The BBC is to cut 1,000 jobs in a bid to make up a predicted £150m (US$234m) shortfall in licence fee income for 2016/17.

BBC boss Tony Hall

BBC boss Tony Hall

A rise in viewers watching content on catch-up service iPlayer, mobiles and online has been blamed for the budget gap.

The UK pubcaster’s director general, Tony Hall, said new measures being proposed would help bridge that gap by delivering £50m in savings from merging divisions, cutting down management layers, reducing managers and improving processes.

Of the 1,000 posts being lost, most will come from professional and support areas, while management structures are set to be streamlined.

“A simpler, leaner BBC is the right thing to do and it can also help us meet the financial challenges we face,” Hall said in a statement. “We’ve already significantly cut the costs of running the BBC, but in times of very tough choices we need to focus on what really matters – delivering outstanding programmes and content for all our audiences.”

The BBC said its proposed steps are:

  • To reduce the number of divisions. First by joining up technology teams across Digital, Engineering and Worldwide. Further changes are also possible.
  • To reduce the number of layers from the top to the bottom of the organisation. In some places there are currently 10 layers of people and management and this will be cut to a maximum of seven in the future.
  • To reduce management roles in all areas of the BBC. A simpler organisation will inevitably require fewer managers, especially at senior levels.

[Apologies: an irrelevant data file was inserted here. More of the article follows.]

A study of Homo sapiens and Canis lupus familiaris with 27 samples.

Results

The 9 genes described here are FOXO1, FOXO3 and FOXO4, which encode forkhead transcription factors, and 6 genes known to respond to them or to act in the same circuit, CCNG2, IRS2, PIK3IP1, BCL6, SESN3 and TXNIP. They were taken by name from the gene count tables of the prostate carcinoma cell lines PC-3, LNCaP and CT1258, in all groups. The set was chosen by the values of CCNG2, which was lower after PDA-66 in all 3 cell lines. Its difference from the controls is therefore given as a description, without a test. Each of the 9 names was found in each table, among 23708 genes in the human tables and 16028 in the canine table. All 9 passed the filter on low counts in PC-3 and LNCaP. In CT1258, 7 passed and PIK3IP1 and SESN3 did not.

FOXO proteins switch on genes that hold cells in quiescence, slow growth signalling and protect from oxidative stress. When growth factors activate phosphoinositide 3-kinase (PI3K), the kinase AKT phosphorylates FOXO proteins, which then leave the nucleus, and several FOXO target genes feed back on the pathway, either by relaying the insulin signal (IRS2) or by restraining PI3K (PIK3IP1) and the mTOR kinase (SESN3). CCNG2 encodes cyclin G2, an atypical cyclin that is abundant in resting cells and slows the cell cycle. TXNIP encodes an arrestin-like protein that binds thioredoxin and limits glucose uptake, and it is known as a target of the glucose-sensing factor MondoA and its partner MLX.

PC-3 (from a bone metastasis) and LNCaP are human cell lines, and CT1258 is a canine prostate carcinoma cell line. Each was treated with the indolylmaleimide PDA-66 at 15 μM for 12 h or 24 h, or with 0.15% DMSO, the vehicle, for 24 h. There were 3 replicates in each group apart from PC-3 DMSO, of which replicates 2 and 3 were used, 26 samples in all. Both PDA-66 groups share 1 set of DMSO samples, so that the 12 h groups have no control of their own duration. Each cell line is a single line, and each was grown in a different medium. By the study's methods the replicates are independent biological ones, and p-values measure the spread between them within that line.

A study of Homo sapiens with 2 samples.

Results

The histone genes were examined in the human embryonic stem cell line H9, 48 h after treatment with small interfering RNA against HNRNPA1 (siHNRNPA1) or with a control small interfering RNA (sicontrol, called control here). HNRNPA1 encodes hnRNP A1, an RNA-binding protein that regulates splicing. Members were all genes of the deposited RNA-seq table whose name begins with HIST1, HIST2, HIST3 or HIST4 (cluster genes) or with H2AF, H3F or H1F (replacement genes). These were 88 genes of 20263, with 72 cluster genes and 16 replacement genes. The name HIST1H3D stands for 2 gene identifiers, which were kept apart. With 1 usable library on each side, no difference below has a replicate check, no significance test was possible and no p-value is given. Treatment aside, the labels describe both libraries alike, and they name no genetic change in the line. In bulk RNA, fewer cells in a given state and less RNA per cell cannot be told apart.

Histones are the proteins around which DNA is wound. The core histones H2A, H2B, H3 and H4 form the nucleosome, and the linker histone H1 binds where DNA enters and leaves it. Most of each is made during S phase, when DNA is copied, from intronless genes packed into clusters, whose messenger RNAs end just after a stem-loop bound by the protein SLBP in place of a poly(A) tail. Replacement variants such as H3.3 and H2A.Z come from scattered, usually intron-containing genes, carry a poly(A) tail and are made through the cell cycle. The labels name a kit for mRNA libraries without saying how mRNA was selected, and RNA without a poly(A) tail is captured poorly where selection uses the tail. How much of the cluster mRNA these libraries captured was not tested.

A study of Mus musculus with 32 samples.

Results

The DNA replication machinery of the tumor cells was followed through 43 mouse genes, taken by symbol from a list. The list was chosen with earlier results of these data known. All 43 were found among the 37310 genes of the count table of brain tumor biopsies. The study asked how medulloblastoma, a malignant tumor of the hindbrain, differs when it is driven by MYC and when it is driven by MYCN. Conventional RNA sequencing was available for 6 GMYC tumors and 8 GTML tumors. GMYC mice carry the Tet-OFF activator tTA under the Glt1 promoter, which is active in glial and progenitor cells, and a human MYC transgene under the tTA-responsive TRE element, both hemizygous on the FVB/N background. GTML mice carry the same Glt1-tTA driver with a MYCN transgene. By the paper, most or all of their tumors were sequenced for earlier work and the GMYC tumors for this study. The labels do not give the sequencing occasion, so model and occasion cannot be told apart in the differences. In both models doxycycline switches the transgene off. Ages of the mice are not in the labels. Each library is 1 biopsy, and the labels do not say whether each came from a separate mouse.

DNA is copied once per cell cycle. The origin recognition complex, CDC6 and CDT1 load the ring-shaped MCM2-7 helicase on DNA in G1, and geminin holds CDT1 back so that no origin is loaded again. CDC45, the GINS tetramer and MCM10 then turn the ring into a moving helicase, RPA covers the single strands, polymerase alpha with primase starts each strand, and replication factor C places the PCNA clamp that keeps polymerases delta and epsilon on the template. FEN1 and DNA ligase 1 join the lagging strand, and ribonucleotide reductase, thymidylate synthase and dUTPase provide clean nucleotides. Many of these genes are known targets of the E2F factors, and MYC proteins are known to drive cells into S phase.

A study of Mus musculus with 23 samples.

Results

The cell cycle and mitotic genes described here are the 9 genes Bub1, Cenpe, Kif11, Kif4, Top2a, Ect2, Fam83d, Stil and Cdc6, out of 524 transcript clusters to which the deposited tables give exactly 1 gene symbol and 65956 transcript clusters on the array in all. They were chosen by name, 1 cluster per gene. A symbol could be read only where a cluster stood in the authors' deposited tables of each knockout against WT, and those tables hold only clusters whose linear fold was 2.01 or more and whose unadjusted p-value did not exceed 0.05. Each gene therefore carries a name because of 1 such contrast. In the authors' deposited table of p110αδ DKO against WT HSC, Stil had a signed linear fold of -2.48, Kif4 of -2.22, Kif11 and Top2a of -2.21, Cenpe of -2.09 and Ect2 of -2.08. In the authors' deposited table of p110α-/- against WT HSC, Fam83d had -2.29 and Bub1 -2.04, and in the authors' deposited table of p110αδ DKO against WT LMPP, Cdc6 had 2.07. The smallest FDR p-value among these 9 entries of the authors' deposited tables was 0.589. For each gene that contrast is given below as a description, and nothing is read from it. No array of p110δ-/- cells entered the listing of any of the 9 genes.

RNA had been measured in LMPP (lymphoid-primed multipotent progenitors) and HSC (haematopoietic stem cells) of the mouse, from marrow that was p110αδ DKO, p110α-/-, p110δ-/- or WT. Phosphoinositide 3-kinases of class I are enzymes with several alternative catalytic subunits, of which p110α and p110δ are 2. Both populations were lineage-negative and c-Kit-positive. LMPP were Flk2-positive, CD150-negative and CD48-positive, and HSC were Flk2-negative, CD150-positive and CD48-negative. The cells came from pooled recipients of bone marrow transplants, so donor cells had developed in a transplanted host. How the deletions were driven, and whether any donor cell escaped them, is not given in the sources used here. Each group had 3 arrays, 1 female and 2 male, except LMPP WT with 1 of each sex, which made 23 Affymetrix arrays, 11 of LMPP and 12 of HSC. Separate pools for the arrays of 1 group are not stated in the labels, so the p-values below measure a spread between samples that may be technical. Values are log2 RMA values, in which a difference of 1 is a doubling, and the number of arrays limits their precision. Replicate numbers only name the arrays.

• To simplify and standardise procedures across the BBC, particularly looking at how professional and support areas such as marketing and communications, finance, HR, IT support and legal are structured and can be simplified.


The corporation will identify the saving opportunities throughout the summer, with a final decision expected in early autumn. The company currently employs 18,000 staff.

Hall promised a leaner and simpler BBC when he became director general two years ago and is now implementing changes, such as turning BBC3 into an online-only brand as the corporation gears up for charter renewal next year.

It is estimated the BBC will already have cut £1.5bn a year in costs by 2017, but it has still been hit hard by the annual licence fee being frozen at £145.50 at the time of its last review.

Hallhopes to close the loophole in its present agreement which means that iPlayer viewers do not need to pay the licence fee in the pubcaster’s next deal with the government.